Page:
Dance on the Pier Moves to Enclosed Pier
Dance on the Pier has long been New York City’s largest-by-far outdoor annual gay dance event. For years, it has been held on Pier 54, at West 14th Street and the Hudson River. Now, the event is moving a bit Uptown, to Pier 57.
The change includes Rapture on the River, the women’s dance event that takes place the night before Dance on the Pier.
The announcement was made by Chris Frederick, the managing director of Heritage of Pride, the organization that runs the city’s mammoth Pride march down to Greenwich Village, and other official Pride-related events. The Pier Dance has long been one of HOP’s principal revenue producers.
The change will probably not be terribly surprising to those of us who have been attending the Pier Dance. For the past several years, the deterioration at Pier 54 has been dramatic. So it comes as little surprise that the city’s annual environmental review found the pier structurally unsound and unsafe for such a large number of people.
Pier 57 is only a little bit to the north. Just south of the Chelsea Piers complex, it is an enclosed space. Built in 1952, it is unusual for its construction: built on floating concrete caissons.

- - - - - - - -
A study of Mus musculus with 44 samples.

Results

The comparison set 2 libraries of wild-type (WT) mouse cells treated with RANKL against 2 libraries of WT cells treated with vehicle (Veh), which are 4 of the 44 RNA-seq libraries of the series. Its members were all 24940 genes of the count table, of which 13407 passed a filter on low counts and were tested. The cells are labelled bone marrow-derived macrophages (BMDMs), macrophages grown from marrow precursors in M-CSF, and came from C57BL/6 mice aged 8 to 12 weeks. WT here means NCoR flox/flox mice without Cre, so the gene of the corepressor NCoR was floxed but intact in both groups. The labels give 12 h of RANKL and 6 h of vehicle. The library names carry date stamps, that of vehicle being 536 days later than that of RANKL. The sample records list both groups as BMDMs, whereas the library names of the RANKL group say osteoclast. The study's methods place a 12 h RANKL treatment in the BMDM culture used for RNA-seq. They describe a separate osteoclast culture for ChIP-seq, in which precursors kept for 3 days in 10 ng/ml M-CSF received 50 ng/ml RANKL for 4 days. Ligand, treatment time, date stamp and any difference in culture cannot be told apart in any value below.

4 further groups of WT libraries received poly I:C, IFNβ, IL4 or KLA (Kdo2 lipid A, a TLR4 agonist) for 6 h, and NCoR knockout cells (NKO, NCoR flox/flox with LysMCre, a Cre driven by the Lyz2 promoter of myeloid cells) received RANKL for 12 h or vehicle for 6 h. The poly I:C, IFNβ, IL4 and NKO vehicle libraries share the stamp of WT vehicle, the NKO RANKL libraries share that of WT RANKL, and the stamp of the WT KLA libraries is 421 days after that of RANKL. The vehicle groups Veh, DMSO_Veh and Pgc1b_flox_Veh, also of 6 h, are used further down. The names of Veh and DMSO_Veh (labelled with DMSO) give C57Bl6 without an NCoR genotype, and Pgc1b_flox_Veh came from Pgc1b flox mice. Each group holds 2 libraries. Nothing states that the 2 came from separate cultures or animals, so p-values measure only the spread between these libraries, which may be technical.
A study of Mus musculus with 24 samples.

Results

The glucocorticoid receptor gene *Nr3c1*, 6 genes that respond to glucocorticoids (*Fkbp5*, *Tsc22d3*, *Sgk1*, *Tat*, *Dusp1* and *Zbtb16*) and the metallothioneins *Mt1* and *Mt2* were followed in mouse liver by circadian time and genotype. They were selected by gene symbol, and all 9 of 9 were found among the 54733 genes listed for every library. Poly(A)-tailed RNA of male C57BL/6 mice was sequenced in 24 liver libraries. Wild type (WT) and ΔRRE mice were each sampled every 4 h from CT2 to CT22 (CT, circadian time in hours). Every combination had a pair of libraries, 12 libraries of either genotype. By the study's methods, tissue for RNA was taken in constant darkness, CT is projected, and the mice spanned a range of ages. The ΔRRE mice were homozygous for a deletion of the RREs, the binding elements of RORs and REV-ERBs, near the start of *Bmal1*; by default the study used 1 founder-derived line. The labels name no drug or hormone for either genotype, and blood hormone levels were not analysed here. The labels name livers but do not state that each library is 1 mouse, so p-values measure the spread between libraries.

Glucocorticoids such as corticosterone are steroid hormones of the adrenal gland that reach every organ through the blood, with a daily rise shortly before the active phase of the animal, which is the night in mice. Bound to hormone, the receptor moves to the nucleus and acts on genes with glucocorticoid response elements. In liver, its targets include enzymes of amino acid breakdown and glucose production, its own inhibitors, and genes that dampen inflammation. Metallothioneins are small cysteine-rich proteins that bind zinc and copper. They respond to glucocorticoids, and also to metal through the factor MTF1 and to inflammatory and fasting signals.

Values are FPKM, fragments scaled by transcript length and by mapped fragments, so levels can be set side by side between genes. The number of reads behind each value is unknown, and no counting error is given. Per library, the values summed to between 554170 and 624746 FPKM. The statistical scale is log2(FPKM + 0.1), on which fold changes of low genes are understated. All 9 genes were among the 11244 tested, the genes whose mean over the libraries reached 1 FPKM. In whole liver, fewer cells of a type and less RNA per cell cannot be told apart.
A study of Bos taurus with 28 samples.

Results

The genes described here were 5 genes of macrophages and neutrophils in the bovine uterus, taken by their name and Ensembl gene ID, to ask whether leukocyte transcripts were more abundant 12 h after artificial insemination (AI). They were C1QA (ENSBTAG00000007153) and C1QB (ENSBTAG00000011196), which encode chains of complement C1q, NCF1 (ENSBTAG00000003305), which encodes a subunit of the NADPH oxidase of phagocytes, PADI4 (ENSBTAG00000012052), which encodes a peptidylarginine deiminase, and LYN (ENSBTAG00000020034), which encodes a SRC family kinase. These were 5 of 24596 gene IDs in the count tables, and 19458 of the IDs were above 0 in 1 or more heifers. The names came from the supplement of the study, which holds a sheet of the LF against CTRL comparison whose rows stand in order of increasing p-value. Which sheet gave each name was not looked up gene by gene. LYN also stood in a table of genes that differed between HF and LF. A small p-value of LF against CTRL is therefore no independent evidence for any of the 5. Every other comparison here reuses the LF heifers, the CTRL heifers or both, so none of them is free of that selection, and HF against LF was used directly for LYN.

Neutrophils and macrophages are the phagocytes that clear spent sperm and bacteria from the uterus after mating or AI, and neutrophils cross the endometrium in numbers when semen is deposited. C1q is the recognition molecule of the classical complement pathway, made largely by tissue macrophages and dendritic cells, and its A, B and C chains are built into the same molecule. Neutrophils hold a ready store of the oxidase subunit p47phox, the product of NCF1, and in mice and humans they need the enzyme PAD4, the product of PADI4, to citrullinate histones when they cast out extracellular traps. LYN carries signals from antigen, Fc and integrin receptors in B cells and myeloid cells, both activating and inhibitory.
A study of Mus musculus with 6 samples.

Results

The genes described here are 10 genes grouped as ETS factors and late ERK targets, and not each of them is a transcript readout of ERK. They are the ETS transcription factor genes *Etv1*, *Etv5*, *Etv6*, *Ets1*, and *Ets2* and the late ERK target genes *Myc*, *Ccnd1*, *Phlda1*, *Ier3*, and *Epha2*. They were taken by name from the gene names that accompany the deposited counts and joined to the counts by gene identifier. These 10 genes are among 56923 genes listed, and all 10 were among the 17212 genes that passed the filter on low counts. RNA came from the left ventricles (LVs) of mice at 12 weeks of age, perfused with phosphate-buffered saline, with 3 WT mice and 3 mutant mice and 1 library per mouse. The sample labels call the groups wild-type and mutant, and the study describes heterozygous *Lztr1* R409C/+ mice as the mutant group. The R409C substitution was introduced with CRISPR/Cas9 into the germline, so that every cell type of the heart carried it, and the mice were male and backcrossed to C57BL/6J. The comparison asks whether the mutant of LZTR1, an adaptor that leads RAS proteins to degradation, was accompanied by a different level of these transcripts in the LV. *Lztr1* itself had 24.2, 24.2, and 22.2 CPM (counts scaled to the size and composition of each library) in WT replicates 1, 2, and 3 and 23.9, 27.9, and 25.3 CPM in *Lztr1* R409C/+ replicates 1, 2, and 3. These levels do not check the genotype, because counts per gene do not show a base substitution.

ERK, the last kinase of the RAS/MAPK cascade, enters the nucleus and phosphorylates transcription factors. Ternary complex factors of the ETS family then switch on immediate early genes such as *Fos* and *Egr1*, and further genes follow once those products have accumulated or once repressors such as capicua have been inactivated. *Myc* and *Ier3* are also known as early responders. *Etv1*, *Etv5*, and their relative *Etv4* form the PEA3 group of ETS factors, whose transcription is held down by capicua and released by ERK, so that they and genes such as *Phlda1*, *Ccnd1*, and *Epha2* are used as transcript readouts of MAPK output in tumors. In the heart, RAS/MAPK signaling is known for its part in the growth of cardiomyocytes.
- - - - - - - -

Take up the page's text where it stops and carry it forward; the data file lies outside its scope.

Until 2003, Pier 57, like other Hudson River piers, was underutilized. The city used it as a depot for Transit Authority buses. The pier notably was used as a detention center when the 2004 Republican National Convention was held at Madison Square Garden.
According to Wikipedia, "Medical activists reportedly treated many people held at Pier 57 for chemical burns, rashes, and infections that resulted from direct, prolonged exposure to the motor oil, asbestos, and other contaminants from its days as a bus garage."
More recently, the pier has been the site of several high-profile events, including the annual Food & Wine Grand Tasting.
Because of the enclosure, there will be some changes to the Pier Dance. Rapture on the River will take place from 4 p.m. to 11 p.m. on Saturday, June 23. The Pier Dance itself will start much later and go on later than in the past -- 8 p.m. to 2 a.m. on Sunday, June 24. Presumably, this also means the end to the traditional fireworks that capped the event.
This isn’t the first time Dance on the Pier has moved. In the ’90s, it moved to an undeveloped portion of Battery Park City for a very wet evening.
The DJs for Dance on the Pier will be L.A.’s upbeat, anthem-oriented Perry Twins to open; and local superstar Boris, who played the Black Party last year, as closer.
Tickets for the Pier Dance can be purchased at this website; or at Village Apothecary, at Sixth Avenue just above Eighth Street and Christopher Street in the Village; or at Delphinium Home, the site of the former Wear Me Out on West 47th Street, just east of Ninth Avenue, in Hell’s Kitchen.
Steve Weinstein has been a regular correspondent for the International Herald Tribune, the Advocate, the Village Voice and Out. He has been covering the AIDS crisis since the early '80s, when he began his career. He is the author of "The Q Guide to Fire Island" (Alyson, 2007).